Lockheed Martin Wins $454 Million Pentagon Cyber Defense Contract
The company will provide the Department of Defense Cyber Crime Center with technical, functional and managerial support.
Lockheed Martin was recently selected by the U.S. Department of Defense's Cyber Crime Center (DC3) to provide the center with technical, functional and managerial support. The work will be conducted through a General Services Administration (GSA) task order that has a ceiling value of $454 million if all options are exercised.
"DC3 faces compelling requirements for superior digital forensics and multimedia lab services, related research, development, test and evaluation, and cyber analytics," DC3 executive director Steve Shirley said in a statement. "Responsive and capable industry mission partners are a significant feature of DC3’s operations. We’re looking forward to a smooth transition as Lockheed Martin becomes a key mission partner, and we’re confident the company’s capabilities will help us succeed in our future challenges."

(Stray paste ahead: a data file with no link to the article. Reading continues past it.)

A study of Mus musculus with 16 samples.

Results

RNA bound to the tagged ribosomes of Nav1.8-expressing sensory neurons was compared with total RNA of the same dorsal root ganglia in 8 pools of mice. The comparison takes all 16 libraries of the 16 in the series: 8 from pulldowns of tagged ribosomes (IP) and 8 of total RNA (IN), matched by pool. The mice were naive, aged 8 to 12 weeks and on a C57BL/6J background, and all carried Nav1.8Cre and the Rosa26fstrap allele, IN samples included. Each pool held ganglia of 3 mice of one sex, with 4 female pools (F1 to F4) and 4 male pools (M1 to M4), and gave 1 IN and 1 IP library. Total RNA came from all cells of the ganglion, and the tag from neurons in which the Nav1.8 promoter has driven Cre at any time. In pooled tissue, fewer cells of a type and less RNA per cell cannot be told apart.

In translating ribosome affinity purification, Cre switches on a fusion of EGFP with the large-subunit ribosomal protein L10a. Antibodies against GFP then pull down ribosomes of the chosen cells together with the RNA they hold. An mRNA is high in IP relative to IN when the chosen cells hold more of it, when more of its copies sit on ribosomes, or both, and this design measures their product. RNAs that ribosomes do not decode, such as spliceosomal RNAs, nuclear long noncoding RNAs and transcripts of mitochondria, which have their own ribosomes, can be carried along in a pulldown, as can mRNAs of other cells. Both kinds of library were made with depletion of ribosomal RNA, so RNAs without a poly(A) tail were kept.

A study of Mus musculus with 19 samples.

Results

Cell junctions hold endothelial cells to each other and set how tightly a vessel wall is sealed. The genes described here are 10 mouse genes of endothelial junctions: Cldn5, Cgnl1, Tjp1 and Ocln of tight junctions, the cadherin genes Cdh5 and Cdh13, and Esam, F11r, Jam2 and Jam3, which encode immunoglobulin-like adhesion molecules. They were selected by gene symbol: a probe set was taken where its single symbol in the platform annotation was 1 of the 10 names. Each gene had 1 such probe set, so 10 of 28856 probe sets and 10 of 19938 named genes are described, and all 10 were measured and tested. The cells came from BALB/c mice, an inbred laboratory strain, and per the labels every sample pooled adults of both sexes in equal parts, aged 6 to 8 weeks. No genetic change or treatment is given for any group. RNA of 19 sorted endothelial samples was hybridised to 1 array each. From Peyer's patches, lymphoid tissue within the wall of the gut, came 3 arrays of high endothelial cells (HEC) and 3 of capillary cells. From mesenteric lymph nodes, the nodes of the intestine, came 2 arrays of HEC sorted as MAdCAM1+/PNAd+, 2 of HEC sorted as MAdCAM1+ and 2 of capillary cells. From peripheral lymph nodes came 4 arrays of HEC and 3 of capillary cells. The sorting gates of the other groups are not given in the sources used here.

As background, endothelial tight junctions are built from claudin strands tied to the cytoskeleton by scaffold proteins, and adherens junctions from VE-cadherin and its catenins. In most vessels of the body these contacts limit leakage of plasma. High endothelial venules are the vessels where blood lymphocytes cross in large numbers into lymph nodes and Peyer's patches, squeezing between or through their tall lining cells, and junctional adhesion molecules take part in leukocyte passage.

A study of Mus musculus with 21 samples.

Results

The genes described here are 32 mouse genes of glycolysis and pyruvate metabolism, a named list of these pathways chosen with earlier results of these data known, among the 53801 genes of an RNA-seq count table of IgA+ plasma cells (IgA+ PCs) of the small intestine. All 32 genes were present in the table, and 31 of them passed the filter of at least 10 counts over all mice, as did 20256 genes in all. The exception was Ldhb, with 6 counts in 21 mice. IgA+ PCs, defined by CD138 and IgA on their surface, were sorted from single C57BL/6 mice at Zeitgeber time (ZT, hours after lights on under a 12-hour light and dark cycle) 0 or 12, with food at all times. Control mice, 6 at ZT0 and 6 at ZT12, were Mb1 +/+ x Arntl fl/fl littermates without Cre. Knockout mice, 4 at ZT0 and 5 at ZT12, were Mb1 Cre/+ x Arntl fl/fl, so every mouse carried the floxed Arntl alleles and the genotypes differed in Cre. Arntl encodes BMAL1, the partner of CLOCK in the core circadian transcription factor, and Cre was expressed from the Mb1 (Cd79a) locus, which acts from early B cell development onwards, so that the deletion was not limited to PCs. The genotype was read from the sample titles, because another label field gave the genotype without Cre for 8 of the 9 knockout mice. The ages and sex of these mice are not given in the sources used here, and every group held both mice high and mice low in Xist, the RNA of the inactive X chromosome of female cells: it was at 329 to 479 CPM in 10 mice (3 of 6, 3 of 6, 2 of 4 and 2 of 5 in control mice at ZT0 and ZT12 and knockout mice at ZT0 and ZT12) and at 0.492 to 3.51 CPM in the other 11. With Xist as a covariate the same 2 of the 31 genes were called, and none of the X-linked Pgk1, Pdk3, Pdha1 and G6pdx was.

"The DC3 sets standards for digital evidence processing, analysis, and diagnostics for any DOD investigation that requires computer forensic support to detect, enhance, or recover digital media, including audio and video," writes Military & Aerospace Electronics' Skyler Frink. "The center assists in criminal, counterintelligence, counterterrorism, and fraud investigations of the Defense Criminal Investigative Organizations (DCIOs) and DOD counterintelligence activities."
"Based in the U.S. state of Maryland, the arms manufacturer was itself the victim of a hacker attack last year," The H Security reports. "The company admitted that hackers had carried out a significant and tenacious attack on its own network. However, Lockheed Martin explained that it took aggressive actions to protect all systems and data, and that its system remained secure."
"General Dynamics, which previously ran the centre, lost out on the contract to Lockheed in January, but filed a protest against the decision with the Government Accountability Office," writes The Register's Brid-Aine Parnell. "The company subsequently dropped its complaint after nabbing a subcontract off Lockheed, a source familiar with the matter told Reuters."